YOUR SAY: Amos Yee's ex-bailor calls for more protection for youths

Youths skateboard in the evening at a park in the central business district in Singapore March 13, 2015. REUTERS/Edgar Su (SINGAPORE - Tags: CITYSCAPE SOCIETY)

By Vincent Law

Singapore's Prime Minister Lee Hsien Loong's new Cabinet was sworn in last Thursday evening, introducing three coordinating Ministers to facilitate a more coherent whole-of-government response in the face of increasingly complex issues across Ministries.

The portfolio on National Security tasked to oversee counter-terrorism in Singapore is not new. The role was first held by former DPM Tony Tan in 2003 and then S Jayakumar from 2005 till 2010. Wong Kan Seng held the position briefly before DPM Teo Chee Hean took over in 2011 until now.

With the two new portfolios on Economic and Social Policies as well as Infrastructure in place, this would provide a much needed balance which national security and safety concerns seem to have overwhelmingly prevailed when dealing with the 2013 Little India riots and current anxieties over ISIS in the Middle East radicalising Singaporeans.

Young offenders in media spotlight
Over the last two years, several high profile cases of vandalism and one alleged act of hurting the religious feelings of Singaporeans involving youths below the age of 18, arguably came under national security concerns.

In one case, five youths were arrested for vandalising a HDB rooftop in Toa Payoh, while in the other case, a teen blogger went through a widely-publicised trial for making offensive remarks.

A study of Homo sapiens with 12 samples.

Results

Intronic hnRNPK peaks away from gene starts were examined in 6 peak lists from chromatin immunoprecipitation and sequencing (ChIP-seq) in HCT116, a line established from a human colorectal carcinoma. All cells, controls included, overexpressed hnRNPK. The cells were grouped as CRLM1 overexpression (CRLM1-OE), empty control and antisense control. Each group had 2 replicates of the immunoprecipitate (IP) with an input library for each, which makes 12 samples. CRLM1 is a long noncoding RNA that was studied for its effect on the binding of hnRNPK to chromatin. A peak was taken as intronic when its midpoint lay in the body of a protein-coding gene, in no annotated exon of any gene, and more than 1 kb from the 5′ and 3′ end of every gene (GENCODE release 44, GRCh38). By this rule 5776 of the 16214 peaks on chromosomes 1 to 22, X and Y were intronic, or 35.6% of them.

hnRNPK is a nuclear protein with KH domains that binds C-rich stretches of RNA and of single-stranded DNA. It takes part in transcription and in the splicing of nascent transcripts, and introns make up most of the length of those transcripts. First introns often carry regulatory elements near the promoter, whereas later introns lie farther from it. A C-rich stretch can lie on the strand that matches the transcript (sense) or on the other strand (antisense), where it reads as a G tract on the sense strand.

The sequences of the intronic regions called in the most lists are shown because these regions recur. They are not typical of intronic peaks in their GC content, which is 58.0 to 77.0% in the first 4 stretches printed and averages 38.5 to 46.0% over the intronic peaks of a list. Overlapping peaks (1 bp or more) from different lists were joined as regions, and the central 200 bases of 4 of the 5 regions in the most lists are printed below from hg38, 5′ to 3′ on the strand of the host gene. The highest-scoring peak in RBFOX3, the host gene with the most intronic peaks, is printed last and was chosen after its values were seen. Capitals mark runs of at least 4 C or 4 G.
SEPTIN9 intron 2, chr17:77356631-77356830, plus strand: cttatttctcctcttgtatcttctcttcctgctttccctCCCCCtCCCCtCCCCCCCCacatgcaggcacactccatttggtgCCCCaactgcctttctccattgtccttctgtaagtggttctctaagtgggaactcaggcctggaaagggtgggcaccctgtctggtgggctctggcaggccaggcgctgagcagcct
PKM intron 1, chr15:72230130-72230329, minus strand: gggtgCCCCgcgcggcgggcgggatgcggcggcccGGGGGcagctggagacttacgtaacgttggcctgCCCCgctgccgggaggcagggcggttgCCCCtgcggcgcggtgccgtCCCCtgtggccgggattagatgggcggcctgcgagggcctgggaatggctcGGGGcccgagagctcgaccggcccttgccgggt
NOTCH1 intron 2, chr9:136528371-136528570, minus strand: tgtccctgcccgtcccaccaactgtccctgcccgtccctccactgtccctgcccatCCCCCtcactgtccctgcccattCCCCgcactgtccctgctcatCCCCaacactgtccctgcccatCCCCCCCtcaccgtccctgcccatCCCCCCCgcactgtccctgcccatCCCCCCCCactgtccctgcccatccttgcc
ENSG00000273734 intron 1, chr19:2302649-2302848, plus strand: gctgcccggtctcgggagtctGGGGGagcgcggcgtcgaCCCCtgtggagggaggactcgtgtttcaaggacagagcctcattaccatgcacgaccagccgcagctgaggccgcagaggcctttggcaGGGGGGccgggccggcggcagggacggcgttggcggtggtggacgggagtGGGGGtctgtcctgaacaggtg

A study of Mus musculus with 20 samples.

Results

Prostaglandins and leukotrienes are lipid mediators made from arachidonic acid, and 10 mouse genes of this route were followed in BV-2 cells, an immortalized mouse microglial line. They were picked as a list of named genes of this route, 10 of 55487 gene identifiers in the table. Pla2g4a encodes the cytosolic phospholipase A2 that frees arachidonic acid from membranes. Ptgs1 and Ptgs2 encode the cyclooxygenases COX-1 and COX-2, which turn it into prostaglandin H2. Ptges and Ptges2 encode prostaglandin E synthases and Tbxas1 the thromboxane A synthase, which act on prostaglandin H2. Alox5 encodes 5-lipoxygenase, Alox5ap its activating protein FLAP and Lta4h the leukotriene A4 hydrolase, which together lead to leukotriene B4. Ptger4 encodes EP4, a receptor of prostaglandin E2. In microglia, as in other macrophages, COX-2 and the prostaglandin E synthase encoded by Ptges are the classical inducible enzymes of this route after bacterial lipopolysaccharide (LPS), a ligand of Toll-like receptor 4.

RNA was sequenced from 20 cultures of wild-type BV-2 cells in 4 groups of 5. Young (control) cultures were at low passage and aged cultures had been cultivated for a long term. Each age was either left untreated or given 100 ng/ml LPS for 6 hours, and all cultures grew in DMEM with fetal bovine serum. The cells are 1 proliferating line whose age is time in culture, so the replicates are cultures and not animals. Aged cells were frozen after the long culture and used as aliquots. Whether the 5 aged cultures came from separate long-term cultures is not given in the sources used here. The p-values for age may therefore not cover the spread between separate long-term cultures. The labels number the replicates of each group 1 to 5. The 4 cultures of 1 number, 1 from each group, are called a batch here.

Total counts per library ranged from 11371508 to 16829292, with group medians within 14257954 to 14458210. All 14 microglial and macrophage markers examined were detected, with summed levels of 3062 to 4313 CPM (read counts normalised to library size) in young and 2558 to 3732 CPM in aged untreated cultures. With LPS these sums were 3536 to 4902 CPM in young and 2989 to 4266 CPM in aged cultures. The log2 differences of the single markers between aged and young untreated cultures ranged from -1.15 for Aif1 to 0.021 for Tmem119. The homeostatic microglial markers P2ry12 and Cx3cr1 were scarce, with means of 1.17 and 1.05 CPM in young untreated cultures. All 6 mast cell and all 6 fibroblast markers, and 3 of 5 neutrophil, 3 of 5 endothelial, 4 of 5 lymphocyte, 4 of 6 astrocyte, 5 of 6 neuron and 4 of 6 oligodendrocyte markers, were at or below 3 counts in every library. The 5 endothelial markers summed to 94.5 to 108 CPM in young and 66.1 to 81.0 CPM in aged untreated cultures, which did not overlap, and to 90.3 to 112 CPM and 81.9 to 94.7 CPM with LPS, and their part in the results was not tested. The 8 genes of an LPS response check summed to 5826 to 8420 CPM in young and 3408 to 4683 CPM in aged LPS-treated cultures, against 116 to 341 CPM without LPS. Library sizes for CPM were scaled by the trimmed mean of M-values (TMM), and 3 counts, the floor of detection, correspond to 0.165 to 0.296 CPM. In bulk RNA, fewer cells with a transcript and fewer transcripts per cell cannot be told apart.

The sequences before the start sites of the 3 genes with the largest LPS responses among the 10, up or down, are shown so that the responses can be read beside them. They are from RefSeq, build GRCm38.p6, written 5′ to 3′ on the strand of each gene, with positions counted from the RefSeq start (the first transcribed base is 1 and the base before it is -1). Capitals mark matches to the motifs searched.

They were not spared nor protected from the glare of the mainstream media which had a field day splashing their faces and names in the news. This is a major cause for concern.

Article 16 of the United Nations Child Rights Convention (UNCRC) states, “No child shall be subjected to arbitrary or unlawful interference with his or her privacy, family, or correspondence, nor to unlawful attacks on his or her honour and reputation.”

In addition, Singapore’s own Ministry of Social and Family Development (MSF) stated:
"The law protects the identity of a child who is undergoing court proceedings from being broadcasted or published to maintain the child’s privacy and prevent media exposure and stigmatisation of victims. Under Section 35(1) of the Children and Young Persons Act (Cap. 38), the publication or broadcasting of information relating to court proceedings that may lead to the identification of the child or young person concerned in the proceedings is prohibited. In addition, Section 27A also prohibits the publication or broadcast of information that leads to the investigation of any child or young person who is subject to an investigation under the Act."

The individuals in the above-mentioned cases were not afforded any of such protection under the law.

In a separate case, a 17-year-old was arrested under the Internal Security Act and investigated for potential religious extremism. The teen was shielded from media scrutiny.

Going forward, it is hoped that MSF will take irresponsible media to task and remind all other agencies that are involved in cases of children and youth offenders to respect the law for the protection of the well-being and safety of the child or young person.

The strong mandate for Mr Lee's government is a good opportunity to set the necessary foundations of a democratic, equal and just society – principles that are enshrined in our national pledge. It is not merely aspirational but achievable for our next generation to give them hope and a stake in this country.

Vincent Law is a social work practitioner. His interests are in disenfranchised youths, complex families and the marginalised. Law made news earlier this year for acting as the bailor for Amos Yee earlier this year. The views expressed here are his own.